Praveen Swami/New Delhi 06 Apr 18 | 07:48 AM

A map of the Kra canal route

Faced with a new push to build a 100-km canal cutting Thailand in two, and slashing 1,200 km off the route Chinese warships take to reach South Asian ports, Indian naval planners have begun warning the government that the proposed Kra Canal will dramatically enhance Beijing’s ability to intervene in the region. 


Led by former Thai army chief General Pongthep Thesprateep, and backed by several former military figures influential in the country’s ruling junta, the Thai Canal Association called late last month for the creation of a national committee to examine the $30 billion project.

Thailand’s government, wary of irking its Association of Southeast Asian Nations partners, or the United States, has so far declined to support the project. “There are still other problems in the area, therefore they must be prioritised," said Thai government spokesperson Lieutenant-General Sansern Kaewkamnerd.

But, Indian diplomatic sources said Beijing’s envoy in Bangkok, Lyu Jian, has privately told the Thai government that his country sees the Kra Canal as part of its ambitious One Belt, One Road plan, which envisages pushing new networks of rail, road and maritime links from Asia to Europe and Africa.

Longhao, a Chinese construction company involved in the Chinese government’s controversial island-building work in the South China Seas, is among several firms diplomats say has been lobbying the Thai government to move forward on the Kra Canal.

The proposal put forward by Longhao, an Indian government source said, involved building two offshore islands to berths for ships, warehouses and even entertainment hubs. The company proposes bringing in over 30,000 Chinese workers to build the canal.

From China’s point of view, the Kra Canal offers a means to secure its expanding demand for West Asia’s hydrocarbons against overcrowding in the Malacca Straits — the world’s busiest maritime lane, through which an estimated 84,000 ships carrying around 30 per cent of global trade transit each year.

The World Bank estimates over 140,000 ships will seek to transit the Malacca Straits annually by the end of the decade, far in excess of its capacity of 122,000 ships.

Exiting the Kra Canal westwards, traffic would enter the Andaman Sea, transit past India’s Andaman and Nicobar Islands, and then head south towards the Chinese-owned port at Hambantota, in Sri Lanka.

Inevitably, Indian naval officials worry, the project will involve Chinese military involvement. The Kra Canal would offer an alternative to a route surrounded by the US allies — and thus vulnerable to a blockade in the event of a geopolitical crisis. Former Chinese President Hu Jintao had underlined China’s concerns about the straits, referring to the “Malacca Dilemma".

Indeed, the geopolitics of the Kra Canal are one reason why Thailand remains divided on moving forward on China’s proposal.  Some in Thailand’s strategic establishment fear Chinese investment in the project will, inexorably, lead to an erosion of the country’s sovereignty — a fear founded on the experience of Egypt and Panama, where the canals led to decades of foreign control.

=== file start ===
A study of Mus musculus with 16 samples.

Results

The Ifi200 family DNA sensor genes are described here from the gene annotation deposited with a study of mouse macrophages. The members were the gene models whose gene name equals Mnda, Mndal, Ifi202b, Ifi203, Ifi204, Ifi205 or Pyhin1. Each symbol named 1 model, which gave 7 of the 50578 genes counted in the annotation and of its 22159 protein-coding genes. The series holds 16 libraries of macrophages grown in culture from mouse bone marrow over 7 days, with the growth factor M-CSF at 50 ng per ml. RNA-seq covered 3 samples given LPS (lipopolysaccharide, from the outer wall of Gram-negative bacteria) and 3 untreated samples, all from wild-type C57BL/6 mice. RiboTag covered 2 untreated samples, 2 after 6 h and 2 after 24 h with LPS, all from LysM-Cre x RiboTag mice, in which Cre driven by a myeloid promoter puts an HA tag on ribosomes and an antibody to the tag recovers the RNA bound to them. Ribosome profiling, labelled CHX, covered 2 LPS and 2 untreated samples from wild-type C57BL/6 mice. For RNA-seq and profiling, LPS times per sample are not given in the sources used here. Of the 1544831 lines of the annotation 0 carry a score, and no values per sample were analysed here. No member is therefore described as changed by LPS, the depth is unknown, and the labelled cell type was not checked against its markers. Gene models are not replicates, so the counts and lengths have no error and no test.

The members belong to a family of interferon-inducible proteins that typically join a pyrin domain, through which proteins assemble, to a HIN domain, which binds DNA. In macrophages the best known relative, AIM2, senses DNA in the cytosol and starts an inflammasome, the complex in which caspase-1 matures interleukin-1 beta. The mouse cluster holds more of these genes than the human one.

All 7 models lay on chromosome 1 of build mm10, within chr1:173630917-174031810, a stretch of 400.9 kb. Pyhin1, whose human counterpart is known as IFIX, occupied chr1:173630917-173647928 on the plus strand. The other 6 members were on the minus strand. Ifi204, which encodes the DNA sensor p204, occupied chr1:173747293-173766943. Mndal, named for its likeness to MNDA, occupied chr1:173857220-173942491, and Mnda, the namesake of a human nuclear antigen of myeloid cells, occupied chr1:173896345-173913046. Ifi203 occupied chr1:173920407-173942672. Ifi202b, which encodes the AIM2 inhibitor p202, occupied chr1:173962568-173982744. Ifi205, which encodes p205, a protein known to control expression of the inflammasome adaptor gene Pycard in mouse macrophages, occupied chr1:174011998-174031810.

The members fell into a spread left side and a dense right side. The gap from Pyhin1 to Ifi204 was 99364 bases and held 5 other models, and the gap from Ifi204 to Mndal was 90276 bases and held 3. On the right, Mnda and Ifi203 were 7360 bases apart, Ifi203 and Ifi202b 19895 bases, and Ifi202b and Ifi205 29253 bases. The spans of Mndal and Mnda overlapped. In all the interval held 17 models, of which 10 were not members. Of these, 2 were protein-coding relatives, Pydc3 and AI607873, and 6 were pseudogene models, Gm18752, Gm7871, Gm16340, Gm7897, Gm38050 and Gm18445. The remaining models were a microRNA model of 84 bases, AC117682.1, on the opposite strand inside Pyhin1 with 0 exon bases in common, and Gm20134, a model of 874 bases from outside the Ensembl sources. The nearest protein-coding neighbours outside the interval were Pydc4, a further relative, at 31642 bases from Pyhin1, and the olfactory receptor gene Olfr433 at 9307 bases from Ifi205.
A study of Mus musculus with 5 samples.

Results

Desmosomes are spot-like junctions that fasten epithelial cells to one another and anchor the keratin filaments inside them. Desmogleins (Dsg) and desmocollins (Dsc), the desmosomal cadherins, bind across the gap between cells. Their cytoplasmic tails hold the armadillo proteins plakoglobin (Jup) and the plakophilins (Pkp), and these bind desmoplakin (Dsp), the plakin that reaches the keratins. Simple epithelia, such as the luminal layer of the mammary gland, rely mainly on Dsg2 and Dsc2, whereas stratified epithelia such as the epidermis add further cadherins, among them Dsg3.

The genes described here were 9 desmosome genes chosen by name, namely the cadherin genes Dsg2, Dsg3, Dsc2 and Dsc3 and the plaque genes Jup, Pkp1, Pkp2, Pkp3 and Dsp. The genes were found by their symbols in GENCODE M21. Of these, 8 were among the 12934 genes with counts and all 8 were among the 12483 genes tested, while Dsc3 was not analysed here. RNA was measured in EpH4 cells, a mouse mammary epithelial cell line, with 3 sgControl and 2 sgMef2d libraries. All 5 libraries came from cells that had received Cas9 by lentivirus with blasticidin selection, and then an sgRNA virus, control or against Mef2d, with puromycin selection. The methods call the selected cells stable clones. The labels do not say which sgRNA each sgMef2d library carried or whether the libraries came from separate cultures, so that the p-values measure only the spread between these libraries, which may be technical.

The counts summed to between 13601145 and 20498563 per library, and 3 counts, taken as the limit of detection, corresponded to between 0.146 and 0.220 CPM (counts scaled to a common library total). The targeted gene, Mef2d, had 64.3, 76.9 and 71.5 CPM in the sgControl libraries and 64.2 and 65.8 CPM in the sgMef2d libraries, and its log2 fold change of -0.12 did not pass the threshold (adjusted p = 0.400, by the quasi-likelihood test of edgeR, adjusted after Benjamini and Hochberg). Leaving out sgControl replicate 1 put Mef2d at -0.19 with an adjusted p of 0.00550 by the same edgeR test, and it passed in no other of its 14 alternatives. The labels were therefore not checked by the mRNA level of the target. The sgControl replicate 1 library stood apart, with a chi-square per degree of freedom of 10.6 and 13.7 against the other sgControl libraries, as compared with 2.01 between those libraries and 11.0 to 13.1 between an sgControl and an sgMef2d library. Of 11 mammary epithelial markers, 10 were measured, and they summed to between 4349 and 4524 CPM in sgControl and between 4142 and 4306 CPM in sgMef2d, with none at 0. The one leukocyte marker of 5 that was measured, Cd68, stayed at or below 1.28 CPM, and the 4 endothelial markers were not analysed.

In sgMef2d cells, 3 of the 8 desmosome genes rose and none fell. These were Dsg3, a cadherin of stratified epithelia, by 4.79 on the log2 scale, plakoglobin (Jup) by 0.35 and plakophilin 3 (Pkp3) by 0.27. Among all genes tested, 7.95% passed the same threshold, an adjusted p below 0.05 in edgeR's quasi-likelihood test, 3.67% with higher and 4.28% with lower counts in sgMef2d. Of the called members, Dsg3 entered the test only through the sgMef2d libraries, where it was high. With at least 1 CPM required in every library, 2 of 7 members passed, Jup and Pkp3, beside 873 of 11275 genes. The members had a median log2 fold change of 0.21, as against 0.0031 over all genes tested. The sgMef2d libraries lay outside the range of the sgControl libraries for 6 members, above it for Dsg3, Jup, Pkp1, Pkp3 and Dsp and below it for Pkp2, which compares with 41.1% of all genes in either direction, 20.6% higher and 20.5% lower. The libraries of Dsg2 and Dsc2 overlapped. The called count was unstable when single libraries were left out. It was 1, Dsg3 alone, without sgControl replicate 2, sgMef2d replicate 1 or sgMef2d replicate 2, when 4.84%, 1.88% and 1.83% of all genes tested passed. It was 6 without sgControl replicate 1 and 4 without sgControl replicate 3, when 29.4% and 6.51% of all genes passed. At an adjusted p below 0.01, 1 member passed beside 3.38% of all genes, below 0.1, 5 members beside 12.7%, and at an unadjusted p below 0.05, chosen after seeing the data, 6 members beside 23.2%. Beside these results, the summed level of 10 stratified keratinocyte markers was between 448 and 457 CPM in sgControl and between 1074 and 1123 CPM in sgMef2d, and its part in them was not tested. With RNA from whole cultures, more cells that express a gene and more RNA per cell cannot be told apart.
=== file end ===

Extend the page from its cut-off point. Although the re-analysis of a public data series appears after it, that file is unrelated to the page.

“The history of the Panama and Suez Canals shows despite the unquestionable economic advantages of a canal, one country’s funding of its construction on the territory of another country usually leads to the spread of significant influence by the first country," scholar Ivica Kinder has pointed out.

Experts remain divided on the economic viability of the Kra Canal. Earlier this year, energy specialist Gary Norman estimated that the canal would need to generate $4.57 million each day to pay for itself. Based on the assumption that 40 ships would transit the canal each day, he noted, that would mean a user fee of $115,000 per transit.

But, Norman pointed out, the typical additional fuel costs for the longer routes through the Malacca, Sunda or Lombok straits range from $40,000 to $120,000 per trip — not enough to justify the canal-use fees.

The Suez Canal and the Panama Canal, bypassing entire continents, are able to charge large ships fees of around $250,000 and $125,000, respectively, because of the far larger savings in time they enable. But, advocates say the Kra Canal project would handle far larger numbers of ships, and also draw investments from businesses linked to shipping, which range from engineering, supplies and legal services. The Thai Canal Association’s plans also envisages building two large free trade zones and a new international airport.

“If we build the canal, we can become an Association of Southeast Asian Nations (Asean) leader," Thai Canal Association vice-president,  General Thawatchai Samutsakorn, told an audience in Bangkok. 

Thailand’s tourism industry and fisheries could, however, face damage from the project, critics argue.  “The proposed canal route would run past tourist areas in the Andaman Sea that generate about 40 per cent of the total revenue from the tourism industry," expert Thon Thamrongnawasawa noted at a recent academic conference. The idea of a canal cutting through Thailand has been around for centuries: In 1677, then Thai King Narai the Great asked the French engineer M de Lamar to explore the possibility, and in 1793 the idea was revived by Rama I, who thought a canal might help protect the country’s capital.  In 1858, Britain secured permission to dig the canal, but the funds ran out before the dig could be completed. Following decades of fears that Japan might build the canal and thus bypass Britain’s base at Singapore, Thailand signed a treaty in 1946 agreeing not to build the canal at all.

In the 20th Century the idea was revived several times — once, in the 1970s, with both Soviet and the United States experts suggesting using nuclear bombs to cut through intractable mountain ridges.